On Fri, Mar 16, 2012 at 2:37 PM, Bernd Schmidt <ber...@codesourcery.com> wrote:
> On 03/16/2012 02:33 PM, Zdenek Dvorak wrote:
>>>>> Yes, that could work. ?Though it might end up being incredibly ugly ;)
>>>> In the code? Should really only change a few lines in the patch I would
>>>> have thought. I'll get back to you when I have a new version - thanks
>>>> for the tip.
>>> No, in the GIMPLE IL.
>> And I can just imagine how happy would other optimizations be about such a
>> Are we speaking about something that you would like to get into mainline?
>> All of this looks like a lot of hacks to deal with a rather weird target.
> The final piece - using &TARGET_MEM_REF rather than POINTER_PLUS_EXPR to
> avoid overflow issues - is clearly a bit of a hack. But otherwise,
> keeping around the proper types rather than casting everything to
> unsigned int is IMO much less ugly and hackish than what we have now.
> Certainly the gimple IL is much less cluttered after the patch than before.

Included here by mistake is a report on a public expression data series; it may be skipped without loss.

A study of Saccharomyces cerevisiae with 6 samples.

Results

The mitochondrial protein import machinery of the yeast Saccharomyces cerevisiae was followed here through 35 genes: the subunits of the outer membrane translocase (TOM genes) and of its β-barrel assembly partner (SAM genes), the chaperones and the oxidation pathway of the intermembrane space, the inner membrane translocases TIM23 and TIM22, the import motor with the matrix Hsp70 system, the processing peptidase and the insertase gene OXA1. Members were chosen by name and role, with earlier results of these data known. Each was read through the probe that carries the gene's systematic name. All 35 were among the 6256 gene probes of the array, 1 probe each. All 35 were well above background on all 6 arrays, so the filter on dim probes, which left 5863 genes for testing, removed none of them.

Btw, at one point I thought we might use Pmode integer types as base
"pointer" types for [TARGET_]MEM_REF. But of course your target
shows that this might not be a good idea.
We do have three pointer offsetting operations at the moment,
POINTER_PLUS_EXPR, &MEM_REF and &TARGET_MEM_REF.
All of which expect C pointer semantics (if they can see the base
pointer, which is why I suggested to create a TARGET_MEM_REF
with a NULL pointer TMR_BASE and shove the base pointer to
TMR_INDEX2 (which incidentially needs to be an integer type ...).
In the end what we want is a POINTER_PLUS_EXPR variant
that does not make alias-analysis assume the result still points
to within the objects the pointer pointed to before the increment/decrement.
Btw, how do you handle pointer differences? The frontend already
lowers them to (intptr_t)ptr1 - (intptr_t)ptr2.